Fionuala Campion says in her article, Dazzling Deer-Resistant Perennials, “Though very graceful and delightful to behold in their native habitat, deer are a voracious force to reckon with in many Northern California gardens, particularly in summer and fall.” But these majestic creatures are not just an issue for gardeners on the west coast. There are populations of deer in all 50 states, and all are munching on the many different plants we’re growing across the country.
There are a vast array of deterrents that can offer various levels of success, but sometimes the best method to deter pests is growing plants they won’t bother with. While results can always vary, these four expert-selected plants for the Northwest are the closest you’ll get to deer-proof.
Size: 24 to 36 inches tall and 18 to 24 inches wide
Conditions: Full sun to partial shade; rich, well-drained soil
Native range: Mediterranean region
Deer typically avoid the sagelike foliage of this herbaceous perennial because of its fuzzy texture and slight fragrance. Jerusalem sage creates basal-leaf clumpsthat can be partially evergreen in mild winters and spread by rhizomes, though not too aggressively. It is a dramatic show-off from early summer through fall, with vibrant yellow flowers that grow in tiers along straight, upright stems. Its hooded flower petals curl around the base, offering up nectar to butterflies, bees, and hummingbirds. Leave the dried flower stems on the plants for an attractive fall and winter texture, or cut them for use in flower arrangements. This is a great choice for growing in masses, perhaps along a wall or in a rock garden.
Softening tall or craggy surfaces are situations that seldom come up in my design practice, as I work in environments that are typically rather flat. There are times, however, when level changes happen to occur on the land or are created during a construction process. I get excited when there is the opportunity to use plants that naturally cascade. This is an entirely different aesthetic from plants that climb and is more interesting than plugging in some ivy. The next time you find yourself needing a plant to spill over a wall, rock, or some other elevation change, consider one of these great cascading plants.
When browsing kitchens and baths on TikTok or Instagram, you’ve likely noticed a proliferation of boldly veined marble taking over your feed. If you are intrigued by this statement-making stone, let us introduce you to Calacatta Viola marble.
Man Made Fruits are the result of careful crossbreeding, genetic manipulation, and a dash of imagination! Scroll down to know about the varieties engineered by humans in a lab or a specialized orchard.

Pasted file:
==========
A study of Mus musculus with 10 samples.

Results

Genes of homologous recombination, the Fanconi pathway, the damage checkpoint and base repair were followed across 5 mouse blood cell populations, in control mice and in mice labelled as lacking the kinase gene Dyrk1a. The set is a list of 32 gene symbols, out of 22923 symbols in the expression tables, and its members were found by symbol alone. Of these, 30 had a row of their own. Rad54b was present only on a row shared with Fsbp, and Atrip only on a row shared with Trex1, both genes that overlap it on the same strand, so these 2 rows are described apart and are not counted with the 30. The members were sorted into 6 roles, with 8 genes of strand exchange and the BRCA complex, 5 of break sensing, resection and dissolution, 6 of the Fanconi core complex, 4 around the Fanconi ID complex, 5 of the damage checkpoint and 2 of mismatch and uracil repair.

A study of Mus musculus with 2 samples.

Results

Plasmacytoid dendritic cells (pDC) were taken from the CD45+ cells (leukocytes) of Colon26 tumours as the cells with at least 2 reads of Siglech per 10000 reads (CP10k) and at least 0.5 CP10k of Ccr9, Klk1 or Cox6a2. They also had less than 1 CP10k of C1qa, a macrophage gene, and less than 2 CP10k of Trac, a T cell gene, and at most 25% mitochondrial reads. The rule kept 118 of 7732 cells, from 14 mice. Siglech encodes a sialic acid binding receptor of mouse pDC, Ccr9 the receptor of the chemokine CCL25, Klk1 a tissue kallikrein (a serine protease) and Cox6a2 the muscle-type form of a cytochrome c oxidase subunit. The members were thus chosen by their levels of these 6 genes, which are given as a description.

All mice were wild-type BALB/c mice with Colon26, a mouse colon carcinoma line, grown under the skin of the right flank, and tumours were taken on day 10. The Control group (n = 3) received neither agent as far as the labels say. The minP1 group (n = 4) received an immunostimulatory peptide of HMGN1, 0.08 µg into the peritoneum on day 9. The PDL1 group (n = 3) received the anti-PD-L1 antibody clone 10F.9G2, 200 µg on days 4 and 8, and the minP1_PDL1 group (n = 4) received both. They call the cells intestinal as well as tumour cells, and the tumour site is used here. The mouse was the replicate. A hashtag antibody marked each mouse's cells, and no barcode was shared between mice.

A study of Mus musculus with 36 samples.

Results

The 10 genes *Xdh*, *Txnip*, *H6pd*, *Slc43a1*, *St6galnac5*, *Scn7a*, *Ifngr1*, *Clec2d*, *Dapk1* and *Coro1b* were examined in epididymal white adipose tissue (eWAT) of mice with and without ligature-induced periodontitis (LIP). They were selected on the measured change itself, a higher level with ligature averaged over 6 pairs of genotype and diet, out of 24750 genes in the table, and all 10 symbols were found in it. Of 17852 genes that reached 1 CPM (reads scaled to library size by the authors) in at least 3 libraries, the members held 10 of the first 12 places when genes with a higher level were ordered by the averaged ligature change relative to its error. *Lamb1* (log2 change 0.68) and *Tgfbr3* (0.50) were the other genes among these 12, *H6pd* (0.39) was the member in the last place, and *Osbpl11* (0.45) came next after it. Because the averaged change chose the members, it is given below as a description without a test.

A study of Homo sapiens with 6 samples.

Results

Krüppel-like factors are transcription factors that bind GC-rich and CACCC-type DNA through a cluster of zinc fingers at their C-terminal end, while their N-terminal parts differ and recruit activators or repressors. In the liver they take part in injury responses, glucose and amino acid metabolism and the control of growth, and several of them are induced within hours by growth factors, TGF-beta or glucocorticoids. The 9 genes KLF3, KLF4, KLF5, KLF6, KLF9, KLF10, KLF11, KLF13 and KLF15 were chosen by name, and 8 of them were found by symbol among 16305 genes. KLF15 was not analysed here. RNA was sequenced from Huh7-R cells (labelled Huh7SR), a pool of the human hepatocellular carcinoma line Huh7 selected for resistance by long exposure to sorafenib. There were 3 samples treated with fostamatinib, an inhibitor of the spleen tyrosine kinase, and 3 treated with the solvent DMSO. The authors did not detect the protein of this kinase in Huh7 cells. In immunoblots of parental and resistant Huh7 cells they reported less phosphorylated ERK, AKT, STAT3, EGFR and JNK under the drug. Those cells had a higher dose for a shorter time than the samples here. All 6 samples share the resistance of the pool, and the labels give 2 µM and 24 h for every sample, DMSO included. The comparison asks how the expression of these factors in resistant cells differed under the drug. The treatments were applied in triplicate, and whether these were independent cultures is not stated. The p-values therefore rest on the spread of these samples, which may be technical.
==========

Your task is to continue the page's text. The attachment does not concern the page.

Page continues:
An empty shelf, a boring corner, a flat tabletop – all these places are perfect to put these Indoor Creeper Plants where they will be more than happy to creep with their delicate stems and beautiful foliage!
Landscape plants in Minnesota, Wisconsin, Iowa, and Michigan are plentiful. Choosing the best shrubs, trees, and perennials can be overwhelming. Here are some of the best options for upper Midwest gardens based on attractiveness, ease of maintenance and appropriateness for the climate.
If you're a lover of Halloween and all things scary, you may be prepping your home to celebrate the holiday. While searching for Halloween decorations, don't overlook one of the best decorations to have in your home for the holiday and year-round: plants.
From squiggly furniture to blob-shaped rugs, it’s clear that curves are making a comeback in design. Bubble houses in particular have been, and continue to be, a fascination when it comes to architecture.
While cannibalism is rare among the human species, it is fairly common in the animal and insect kingdom. Until fairly recently accounts such as female praying mantis eating their mates was considered to be a one off, but newer scientific research shows evidence of caterpillar cannibalism.
It is such a gardening triumph to put together a few plants that play nicely together and create a memorable vignette to mark the season. In this episode, Danielle, Carol, and guest Susan Morrison will talk about some plant combinations that look great as the season winds down. Listen in and get inspired to add more winning teams to your late season lineup next year.